You probably remember. It became the most infamous youth football camp in the history of youth football camps when Mangini brought along the entire Browns' rookie class -- via bus ride from Cleveland to Hartford -- to "volunteer" at the camp. As if any of the rookies were going to decline the invitation.
At least one of them complained privately, and their agents got to the media and threw a public fit. Mangini was already under scrutiny for some of his methods in becoming the sole emperor in Berea, and this act was like throwing gas on the fire to columnists everywhere.
I was on that bus, too, and so was Mangini for the ride home after the flood of negative publicity. He later admitted that the bus ride was something he wished he'd handled differently, but the "Mangini Cruiser" jokes continued.
A year later, I don't miss that bus. But I did feel I needed to take a minute to make sure the right part of this story gets at least a little attention.
There was no bus ride this year, but another camp is taking place today. From what I've gathered via computer and cellular device, it's the biggest one yet with nearly 1,000 participants. And that's the shame of last year's controversy, that a truly good deed that helps kids who could use a little boost was overshadowed.
Bulkeley High, Mangini's alma mater, is a city school. Most of the campers are city kids; boxing trainer and analyst Teddy Atlas charters a bus for New York City kids, many of whom have never been out of the city. Kids from all over New England come to compete and learn, many on "scholarship" to cover the $45 fee. Outstanding campers are awarded scholarships to camps on college campuses this summer, the kind of camps that lead to college scholarships.
This is not Mangini writing a check or making a token appearance to wave and sign autographs in his hometown. This is an all-out effort to make sure kids get high-level coaching -- they run the same drills the Browns do in practice -- as well as the chance to be taught by NFL coaches, players, scouts, successful high school coaches and a variety of people. Mangini has more than 120 coaching volunteers including a few of his current players, most of his current assistants, a bunch of former Jets players and coaches of various backgrounds.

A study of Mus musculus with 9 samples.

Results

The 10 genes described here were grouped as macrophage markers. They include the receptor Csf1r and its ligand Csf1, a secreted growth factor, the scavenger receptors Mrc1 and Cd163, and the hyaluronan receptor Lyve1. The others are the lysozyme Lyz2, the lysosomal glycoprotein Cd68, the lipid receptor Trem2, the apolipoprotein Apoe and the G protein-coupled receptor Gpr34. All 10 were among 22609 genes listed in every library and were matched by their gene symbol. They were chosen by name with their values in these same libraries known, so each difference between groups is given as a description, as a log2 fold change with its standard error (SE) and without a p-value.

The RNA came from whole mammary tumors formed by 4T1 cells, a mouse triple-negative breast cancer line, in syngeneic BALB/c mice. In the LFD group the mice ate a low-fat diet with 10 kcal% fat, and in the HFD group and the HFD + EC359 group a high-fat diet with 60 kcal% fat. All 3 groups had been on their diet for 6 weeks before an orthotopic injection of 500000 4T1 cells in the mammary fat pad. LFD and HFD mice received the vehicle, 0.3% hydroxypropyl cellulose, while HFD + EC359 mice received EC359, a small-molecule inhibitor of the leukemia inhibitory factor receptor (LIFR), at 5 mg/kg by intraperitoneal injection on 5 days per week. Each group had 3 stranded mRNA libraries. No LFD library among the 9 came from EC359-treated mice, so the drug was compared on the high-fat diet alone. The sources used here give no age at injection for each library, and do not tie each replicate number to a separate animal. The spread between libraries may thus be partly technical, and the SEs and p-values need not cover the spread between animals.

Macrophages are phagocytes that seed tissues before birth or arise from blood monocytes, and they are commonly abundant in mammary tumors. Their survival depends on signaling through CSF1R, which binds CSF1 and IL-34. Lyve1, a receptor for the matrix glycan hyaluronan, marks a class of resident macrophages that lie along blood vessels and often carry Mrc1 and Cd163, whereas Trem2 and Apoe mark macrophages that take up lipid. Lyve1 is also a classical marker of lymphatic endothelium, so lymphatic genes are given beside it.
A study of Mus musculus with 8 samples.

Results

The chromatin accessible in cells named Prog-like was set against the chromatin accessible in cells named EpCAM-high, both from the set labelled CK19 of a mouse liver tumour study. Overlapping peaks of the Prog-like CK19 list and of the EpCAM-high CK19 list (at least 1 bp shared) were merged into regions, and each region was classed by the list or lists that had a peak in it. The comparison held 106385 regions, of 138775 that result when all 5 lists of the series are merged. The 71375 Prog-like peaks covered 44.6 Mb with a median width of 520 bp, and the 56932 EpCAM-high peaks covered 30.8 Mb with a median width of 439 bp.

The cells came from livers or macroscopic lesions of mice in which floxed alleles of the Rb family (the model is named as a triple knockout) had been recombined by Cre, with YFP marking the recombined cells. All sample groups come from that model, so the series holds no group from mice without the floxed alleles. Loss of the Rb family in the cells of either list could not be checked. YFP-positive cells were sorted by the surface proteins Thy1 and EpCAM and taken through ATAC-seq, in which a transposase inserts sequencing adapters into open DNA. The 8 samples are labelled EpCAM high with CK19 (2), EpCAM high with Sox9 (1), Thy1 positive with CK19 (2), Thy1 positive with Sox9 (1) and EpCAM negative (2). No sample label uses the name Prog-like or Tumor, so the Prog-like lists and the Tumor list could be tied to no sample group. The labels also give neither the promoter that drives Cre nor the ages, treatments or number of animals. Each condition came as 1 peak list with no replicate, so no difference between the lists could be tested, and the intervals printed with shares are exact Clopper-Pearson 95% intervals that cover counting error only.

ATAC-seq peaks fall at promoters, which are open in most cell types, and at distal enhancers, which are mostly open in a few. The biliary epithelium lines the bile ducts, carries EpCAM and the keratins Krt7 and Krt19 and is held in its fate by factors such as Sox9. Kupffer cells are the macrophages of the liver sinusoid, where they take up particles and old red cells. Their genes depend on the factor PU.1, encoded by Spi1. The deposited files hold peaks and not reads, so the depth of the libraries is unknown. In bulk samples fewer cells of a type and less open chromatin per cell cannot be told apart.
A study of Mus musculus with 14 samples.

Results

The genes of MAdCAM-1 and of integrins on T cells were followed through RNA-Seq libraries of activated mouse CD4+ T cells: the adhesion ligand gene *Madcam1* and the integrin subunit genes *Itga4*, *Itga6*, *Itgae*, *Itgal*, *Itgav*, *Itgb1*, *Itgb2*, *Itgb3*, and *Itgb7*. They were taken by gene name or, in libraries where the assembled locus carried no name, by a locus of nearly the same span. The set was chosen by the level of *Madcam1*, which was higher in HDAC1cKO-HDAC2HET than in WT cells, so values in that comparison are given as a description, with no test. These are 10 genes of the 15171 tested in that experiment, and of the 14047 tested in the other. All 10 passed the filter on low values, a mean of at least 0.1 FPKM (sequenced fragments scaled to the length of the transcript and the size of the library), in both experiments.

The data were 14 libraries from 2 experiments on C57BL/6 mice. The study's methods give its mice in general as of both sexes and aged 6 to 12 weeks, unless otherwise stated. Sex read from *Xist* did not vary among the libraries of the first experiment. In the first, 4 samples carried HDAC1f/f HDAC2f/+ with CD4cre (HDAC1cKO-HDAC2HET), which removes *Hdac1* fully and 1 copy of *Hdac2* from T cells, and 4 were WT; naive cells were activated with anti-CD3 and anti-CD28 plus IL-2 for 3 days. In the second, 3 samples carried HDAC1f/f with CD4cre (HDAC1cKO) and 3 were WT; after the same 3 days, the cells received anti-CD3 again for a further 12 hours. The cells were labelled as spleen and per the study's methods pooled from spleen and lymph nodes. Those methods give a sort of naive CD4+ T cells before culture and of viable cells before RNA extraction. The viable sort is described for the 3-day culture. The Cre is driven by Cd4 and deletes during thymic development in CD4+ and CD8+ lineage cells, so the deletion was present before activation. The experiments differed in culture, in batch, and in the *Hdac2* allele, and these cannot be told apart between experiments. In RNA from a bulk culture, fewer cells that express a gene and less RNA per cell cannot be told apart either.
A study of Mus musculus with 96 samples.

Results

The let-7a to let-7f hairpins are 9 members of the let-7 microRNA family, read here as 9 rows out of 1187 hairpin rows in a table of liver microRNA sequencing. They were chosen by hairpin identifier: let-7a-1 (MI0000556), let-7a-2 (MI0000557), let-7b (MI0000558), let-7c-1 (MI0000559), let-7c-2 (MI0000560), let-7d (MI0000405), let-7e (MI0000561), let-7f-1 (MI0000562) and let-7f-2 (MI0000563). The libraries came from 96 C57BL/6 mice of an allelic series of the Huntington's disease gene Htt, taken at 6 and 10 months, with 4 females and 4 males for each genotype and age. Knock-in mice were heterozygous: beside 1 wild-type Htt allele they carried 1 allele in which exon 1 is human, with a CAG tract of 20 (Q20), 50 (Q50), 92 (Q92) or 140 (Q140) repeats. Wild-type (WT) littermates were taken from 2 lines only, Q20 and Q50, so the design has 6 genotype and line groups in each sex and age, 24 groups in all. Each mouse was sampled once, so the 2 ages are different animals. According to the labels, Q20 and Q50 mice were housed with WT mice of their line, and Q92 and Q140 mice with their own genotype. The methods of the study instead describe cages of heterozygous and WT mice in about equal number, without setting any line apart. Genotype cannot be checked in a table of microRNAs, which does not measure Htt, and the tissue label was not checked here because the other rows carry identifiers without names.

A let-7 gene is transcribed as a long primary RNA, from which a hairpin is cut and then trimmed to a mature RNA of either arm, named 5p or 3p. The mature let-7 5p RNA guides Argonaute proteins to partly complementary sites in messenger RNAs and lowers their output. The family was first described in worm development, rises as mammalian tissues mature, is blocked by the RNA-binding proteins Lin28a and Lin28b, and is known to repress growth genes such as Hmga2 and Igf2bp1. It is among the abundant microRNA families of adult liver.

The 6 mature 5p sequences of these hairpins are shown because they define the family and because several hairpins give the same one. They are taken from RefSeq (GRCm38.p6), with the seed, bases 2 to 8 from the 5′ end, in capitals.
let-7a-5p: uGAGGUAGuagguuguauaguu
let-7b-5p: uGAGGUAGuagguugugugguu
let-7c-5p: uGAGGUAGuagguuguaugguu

Last year, Jets head coach Rex Ryan worked and taught at a station like he was a high school coach or anyone else there. Jets' tight end Dustin Keller addressed the group not to draw attention to himself, but to talk about work ethic and sacrifice and making the most of every opportunity -- on the field, in the classroom, everywhere -- that might present itself.
There are stories about kids who have never even been to a high school football game ending up with tickets to an NFL game through a current player they met at the camp. There are stories about wide-eyed kids coming back each year at this time to tell their coaches about how they used a certain skill or technique and showed great improvement the previous fall. There are kids who have the talent to play football at a high level but need a little polish, a little nurturing, maybe even a positive role model to reach the next level. Negative headlines aside, this is a place they get it.
Camp Mangini takes place over a sprawling area of park land and school property; picture one of those huge sports complexes you see in Strongsville or Kent or Jackson, and picture it in an urban setting. But picture every inch of it being used by kids having the time of their lives, and picture enough volunteers who coordinate every detail (just the way Mangini likes it) and keep it running like clockwork. It's an impressive operation.
About the only person who didn't have a specific job last year was me. And if you know me you know this is rare, but I was so impressed by how hard everyone was working and how well put together the event was that before long I was running errands, checking on the back fields
and driving a golf cart all over Hartford. At one point I drove Mangini across the park to watch a 7-on-7 game. He asked if I'd had enough time on the bus ride to write a book.
I told him I'd written three. He almost even laughed. But I really did come away both impressed and inspired, and wishing it had been in the news for the right reasons. Even the guys on the bus acknowledged they'd gotten more out of it than they'd ever thought possible.
Spending 20 hours and 20 minutes on the bus over two days (not that I was counting) wasn't the worst thing that's ever happened to me. Or the rookies. Besides, when else was multi-millionaire Alex Mack going to eat lunch at a Central Pennsylvania truck stop?
It was an experience. Most importantly, it was an amazing experience for a bunch of kids who probably won't ever forget it --and maybe a couple who someday will pay it forward.